Depression Help Tip #2
Take care of yourself
In order to overcome depression, you have to nurture yourself. This includes making time for things you enjoy, asking for help from others, setting limits on what you’re able to do, adopting healthy habits, and scheduling fun activities into your day.
Do things you enjoy (or used to)
While you can’t force yourself to have fun or experience pleasure, you can choose to do things that you used to enjoy. Pick up a former hobby or a sport you used to like. Express yourself creatively through music, art, or writing. Go out with friends. Take a day trip to a museum, the mountains, or the ballpark.
Develop a wellness toolbox
Come up with a list of things that you can do for a quick mood boost. Include any strategies, activities, or skills that have helped in the past. The more “tools” for coping with depression, the better. Try and implement a few of these ideas each day, even if you’re feeling good.
Push yourself to do things, even when you don’t feel like it. You might be surprised at how much better you feel once you’re out in the world. Even if your depression doesn’t lift immediately, you’ll gradually feel more upbeat and energetic as you make time for fun activities.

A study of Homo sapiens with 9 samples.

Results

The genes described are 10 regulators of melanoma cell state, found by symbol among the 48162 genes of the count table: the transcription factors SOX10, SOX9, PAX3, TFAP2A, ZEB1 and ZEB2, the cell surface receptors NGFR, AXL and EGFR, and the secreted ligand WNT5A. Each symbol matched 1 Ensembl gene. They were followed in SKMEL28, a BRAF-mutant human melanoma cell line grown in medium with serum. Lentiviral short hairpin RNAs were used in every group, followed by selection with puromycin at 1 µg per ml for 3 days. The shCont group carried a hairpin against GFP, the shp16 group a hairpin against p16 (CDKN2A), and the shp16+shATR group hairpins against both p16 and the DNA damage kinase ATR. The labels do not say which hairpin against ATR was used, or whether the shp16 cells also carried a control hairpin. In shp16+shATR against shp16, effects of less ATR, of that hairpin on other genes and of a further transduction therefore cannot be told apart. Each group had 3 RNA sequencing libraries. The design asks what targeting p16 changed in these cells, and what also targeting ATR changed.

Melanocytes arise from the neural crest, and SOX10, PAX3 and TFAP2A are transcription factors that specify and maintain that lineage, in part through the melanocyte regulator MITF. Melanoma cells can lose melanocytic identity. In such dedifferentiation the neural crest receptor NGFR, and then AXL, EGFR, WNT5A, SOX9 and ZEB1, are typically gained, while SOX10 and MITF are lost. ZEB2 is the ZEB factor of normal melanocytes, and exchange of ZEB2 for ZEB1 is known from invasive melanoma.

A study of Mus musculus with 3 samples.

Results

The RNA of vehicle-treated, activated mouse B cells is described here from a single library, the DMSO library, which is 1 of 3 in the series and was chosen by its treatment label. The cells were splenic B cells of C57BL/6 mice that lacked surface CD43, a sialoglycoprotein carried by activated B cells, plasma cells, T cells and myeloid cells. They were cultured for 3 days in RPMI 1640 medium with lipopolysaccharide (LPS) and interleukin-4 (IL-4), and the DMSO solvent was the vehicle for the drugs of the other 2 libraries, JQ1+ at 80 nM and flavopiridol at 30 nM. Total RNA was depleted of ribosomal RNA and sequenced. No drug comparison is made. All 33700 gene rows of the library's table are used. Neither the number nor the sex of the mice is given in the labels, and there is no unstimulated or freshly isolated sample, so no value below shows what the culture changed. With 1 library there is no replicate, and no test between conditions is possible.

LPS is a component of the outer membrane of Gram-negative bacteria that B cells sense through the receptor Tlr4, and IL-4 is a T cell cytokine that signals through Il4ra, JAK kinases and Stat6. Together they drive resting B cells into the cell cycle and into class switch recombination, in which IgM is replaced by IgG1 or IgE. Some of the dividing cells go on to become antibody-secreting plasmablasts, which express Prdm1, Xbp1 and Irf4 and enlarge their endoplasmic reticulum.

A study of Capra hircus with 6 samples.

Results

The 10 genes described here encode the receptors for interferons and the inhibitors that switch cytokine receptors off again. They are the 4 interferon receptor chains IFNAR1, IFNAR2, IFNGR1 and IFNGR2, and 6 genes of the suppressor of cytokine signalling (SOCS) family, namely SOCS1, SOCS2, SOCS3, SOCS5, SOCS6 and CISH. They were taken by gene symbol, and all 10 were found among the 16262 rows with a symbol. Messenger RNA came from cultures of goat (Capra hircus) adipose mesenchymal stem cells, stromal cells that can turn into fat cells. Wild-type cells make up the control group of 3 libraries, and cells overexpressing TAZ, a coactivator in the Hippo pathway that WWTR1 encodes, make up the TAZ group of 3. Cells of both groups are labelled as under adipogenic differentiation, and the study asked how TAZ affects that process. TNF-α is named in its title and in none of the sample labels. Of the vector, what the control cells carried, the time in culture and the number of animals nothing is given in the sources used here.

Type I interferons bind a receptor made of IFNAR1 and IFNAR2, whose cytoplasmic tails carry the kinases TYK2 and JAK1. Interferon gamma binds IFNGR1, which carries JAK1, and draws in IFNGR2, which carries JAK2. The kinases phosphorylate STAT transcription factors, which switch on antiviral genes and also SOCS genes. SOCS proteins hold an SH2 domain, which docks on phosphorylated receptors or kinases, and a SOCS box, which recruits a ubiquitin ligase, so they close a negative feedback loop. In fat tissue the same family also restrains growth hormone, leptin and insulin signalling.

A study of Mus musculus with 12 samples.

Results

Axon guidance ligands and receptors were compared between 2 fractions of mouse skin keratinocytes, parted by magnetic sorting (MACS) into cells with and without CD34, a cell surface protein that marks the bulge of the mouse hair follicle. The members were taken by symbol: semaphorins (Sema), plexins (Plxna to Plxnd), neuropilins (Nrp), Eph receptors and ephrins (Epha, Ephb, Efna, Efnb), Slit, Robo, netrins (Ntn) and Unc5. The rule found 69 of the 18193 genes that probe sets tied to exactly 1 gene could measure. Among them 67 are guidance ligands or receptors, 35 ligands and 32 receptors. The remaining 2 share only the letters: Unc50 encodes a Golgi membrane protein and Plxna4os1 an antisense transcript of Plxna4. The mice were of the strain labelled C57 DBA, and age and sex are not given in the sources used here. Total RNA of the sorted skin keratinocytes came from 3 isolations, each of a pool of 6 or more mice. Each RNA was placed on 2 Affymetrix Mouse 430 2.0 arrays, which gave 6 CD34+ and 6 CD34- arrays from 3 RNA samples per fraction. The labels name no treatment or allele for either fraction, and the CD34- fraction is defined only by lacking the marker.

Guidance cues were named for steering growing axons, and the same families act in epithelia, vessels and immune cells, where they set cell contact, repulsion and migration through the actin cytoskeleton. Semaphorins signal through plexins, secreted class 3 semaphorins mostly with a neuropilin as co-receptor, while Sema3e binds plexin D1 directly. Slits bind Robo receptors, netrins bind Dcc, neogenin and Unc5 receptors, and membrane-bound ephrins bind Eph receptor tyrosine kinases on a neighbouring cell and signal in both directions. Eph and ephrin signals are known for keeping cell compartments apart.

Adopt healthy lifestyle habits
- Aim for 8 hours of sleep. Depression typically involves sleep problems. Whether you’re sleeping too little or too much, your mood suffers. Get on a better sleep schedule by learning healthy sleep habits.
- Expose yourself to a little sunlight every day. Lack of sunlight can make depression worse. Make sure you’re getting enough. Take a short walk outdoors, have your coffee outside, enjoy an al fresco meal, people-watch on a park bench, or sit out in the garden.
- Practice relaxation techniques. A daily relaxation practice can help relieve symptoms of depression, reduce stress, and boost feelings of joy and well-being. Try yoga, deep breathing, progressive muscle relaxation, or meditation.
Fight depression by managing stress
Not only does stress prolong and worsen depression, but it can also trigger it. In order to get over depression and stay well, it’s essential to learn how to minimize and cope with stress.
- Identify your stressors. Figure out all the things in your life that are stressing you out. Examples include: work overload, unsupportive relationships, substance abuse, taking on too much, or health problems. Once you’ve identified your stressors, you can make a plan to avoid them or minimize their impact.
- Go easy on yourself. Many depressed people are perfectionists, holding themselves to impossibly high standards and then beating themselves up when they fail to meet them. Battle this source of self-imposed stress by challenging your negative ways of thinking.
Plan ahead. If you know your stress triggers and limits, you will be able to identify and avoid many landmines. If you sense trouble ahead, protect yourself by dipping into your wellness toolbox and saying “no” to added responsibility.